Set Different Default Search Engine for Safari Private Browsing in iOS 17

While iOS has offered a way to choose the desired search engine in Safari, there hadn’t been an option to set a different private search engine – until iOS 17. That means Safari would always use the same search engine for both the general and private browsing modes. If you are of fond the private browsing mode (aka the incognito mode), you would love to select a separate search engine like the renowned “DuckDuckGo” for the incognito mode. Guess what, iOS 17 has offered a seamless way to let you make the switch as and when the need arrives. With that said, read on to learn how to set a different default search engine for Safari private browsing mode in iOS 17 and iPadOS 17.

Change Private Search Engine for Safari Private Browsing Mode on iPhone and iPad 

First off, it would be better to clear the basics related to this new Safari add-on.

Why should you use a different search engine for Safari’s private browsing mode? 

Though all search engines claim to deliver a top-notch private browsing experience, only a few are able to live up to the expectation. Literally. When the lights are off, what takes centerstage is the greed to collect, use, misuse, and even abuse the personal information of a user. Fair to say, most even argue the robbery happens even in broad daylight – whether you are off the grid or online.

To put it straight, you are never off the grid; irrespective of whether you invoked the shield to hide your data or allowed trackers to keep a tab on your info. Hence, it’s better to have the flexibility to set up a preferred private search engine. It’s akin to putting on bulletproof skin to ward off the prying eyes when you are out there, keeping the insidious intrusion at bay.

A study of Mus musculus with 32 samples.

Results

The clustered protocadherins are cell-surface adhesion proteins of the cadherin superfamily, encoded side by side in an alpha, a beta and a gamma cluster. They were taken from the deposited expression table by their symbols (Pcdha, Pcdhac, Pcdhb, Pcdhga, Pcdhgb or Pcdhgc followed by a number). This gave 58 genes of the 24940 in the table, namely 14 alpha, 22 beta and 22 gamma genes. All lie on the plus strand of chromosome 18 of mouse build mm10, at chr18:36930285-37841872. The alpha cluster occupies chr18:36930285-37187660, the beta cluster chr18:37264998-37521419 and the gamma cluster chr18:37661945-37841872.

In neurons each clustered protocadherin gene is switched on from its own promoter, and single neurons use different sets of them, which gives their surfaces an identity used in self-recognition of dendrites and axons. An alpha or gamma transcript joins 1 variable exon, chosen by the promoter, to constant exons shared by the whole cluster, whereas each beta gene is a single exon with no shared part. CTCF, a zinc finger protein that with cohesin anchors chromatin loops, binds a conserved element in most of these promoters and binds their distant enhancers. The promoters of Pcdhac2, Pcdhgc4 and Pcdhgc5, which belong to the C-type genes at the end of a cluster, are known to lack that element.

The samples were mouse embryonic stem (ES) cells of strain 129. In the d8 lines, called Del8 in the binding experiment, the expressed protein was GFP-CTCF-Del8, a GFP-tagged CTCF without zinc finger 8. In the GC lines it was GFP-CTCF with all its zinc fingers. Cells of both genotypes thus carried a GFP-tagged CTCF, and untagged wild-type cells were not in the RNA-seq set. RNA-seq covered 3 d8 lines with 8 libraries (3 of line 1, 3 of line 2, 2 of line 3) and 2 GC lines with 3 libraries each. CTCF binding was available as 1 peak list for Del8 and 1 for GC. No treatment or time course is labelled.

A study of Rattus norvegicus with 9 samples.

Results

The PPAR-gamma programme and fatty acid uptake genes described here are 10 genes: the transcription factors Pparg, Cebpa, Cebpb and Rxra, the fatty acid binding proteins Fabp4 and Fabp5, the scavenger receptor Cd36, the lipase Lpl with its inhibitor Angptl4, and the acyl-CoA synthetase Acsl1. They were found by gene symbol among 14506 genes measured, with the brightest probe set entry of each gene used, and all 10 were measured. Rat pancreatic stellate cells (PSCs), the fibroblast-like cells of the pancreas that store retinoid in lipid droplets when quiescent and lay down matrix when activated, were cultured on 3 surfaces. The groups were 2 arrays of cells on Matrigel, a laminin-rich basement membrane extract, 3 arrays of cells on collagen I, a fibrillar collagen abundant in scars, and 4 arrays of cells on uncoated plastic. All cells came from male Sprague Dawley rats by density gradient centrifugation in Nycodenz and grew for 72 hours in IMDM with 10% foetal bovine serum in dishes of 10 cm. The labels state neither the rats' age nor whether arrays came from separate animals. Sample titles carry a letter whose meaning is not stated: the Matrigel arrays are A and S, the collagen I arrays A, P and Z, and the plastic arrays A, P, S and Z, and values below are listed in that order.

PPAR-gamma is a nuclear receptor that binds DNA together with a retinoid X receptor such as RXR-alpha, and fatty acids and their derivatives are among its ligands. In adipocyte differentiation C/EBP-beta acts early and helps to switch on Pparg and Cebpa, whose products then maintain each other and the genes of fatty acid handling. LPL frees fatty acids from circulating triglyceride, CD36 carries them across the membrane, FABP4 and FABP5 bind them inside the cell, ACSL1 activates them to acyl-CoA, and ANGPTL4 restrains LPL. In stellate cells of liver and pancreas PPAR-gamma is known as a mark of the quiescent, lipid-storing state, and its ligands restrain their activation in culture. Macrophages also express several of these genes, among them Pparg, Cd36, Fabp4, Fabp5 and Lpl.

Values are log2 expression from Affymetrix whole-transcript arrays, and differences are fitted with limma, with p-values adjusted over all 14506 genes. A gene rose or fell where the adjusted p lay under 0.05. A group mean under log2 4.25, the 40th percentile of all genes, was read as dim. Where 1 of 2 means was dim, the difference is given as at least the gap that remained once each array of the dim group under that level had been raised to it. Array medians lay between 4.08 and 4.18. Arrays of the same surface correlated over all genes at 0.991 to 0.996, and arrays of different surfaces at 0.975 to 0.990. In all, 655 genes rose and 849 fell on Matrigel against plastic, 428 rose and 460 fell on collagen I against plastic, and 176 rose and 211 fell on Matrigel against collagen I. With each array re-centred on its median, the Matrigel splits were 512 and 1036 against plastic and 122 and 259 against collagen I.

Couple that with the ability to lock your private browsing mode with Face ID or Touch ID and now you’ve got a pretty solid way to browse the web with heightened privacy.

What are the best private search engines?

Although the market is loaded with a ton of private search engines, the ones that I have used and found reliable are: 

  • DuckDuckGo
  • searX
  • Startpage
  • Qwant
  • Mojeek
  • Swisscows 
  • MetaGer
  • Ecosia

What are the private search engines available to choose from for Safari on your iPhone and iPad? 

As of now, iOS 17 lets you choose from 5 private search engines – excluding the default one. Here they are: 

  • Google 
  • Yahoo
  • Bing 
  • Ecosiya 
  • DuckDuckGo

Switch Default Private Search Engine for Safari on iOS and iPad

  • To get started, head over to the Settings app on your iPhone or iPad.
  • Scroll down in the Settings menu and choose Safari. 
Launch Settings and tap on Safari
  • Tap on Private Search Engine and choose the preferred search engine and you are good to go! Your selection will come into force right away. 
Set Private Search Engine in iOS 17:iPadOS 17 on iPhone and iPad

Use the Default Private Search Engine in Safari Private Browsing Mode on iOS and iPadOS 

  • Later, if you ever wished to change your mind and would like to go back to using the default private search engine, just head into the Safari setting and make the desired changes. 
  • Navigate to the Settings app on your device -> Safari -> Private Search Engine -> Use Default Search Engine

Unlock the Full Potential of Safari on Your Device..!

There you go! So, that’s how you can switch private search engines in Safari. The stock browser for iOS has come up with a ton of new features. If you are willing to unlock the full potential of the browser, be sure to check our roundup.

Read more: 101 Best iOS 17 Hidden Features: Time to Dig Deeper!

Posted by
Rajesh Mishra

Co-founder/Editor-in-Chief: Rajesh Mishra (Your beloved “R.K” 360 Reader Voice) is a Shakespearean poet at heart who turned a tech nerd while having a secret rendezvous with iPhone 4. When that rendezvous turned obsession, he let go of his hard-core political journalism in favour of the lifelong love-affair with technology. In a career spanning one and a half decades, Mr. Mishra has crafted over 8K articles and around 2K YouTube videos. He is probably the only journalist alive with this unique achievement. When he is not at his desk, you may find him either engrossed in a Deathmatch or chasing Wordsworth!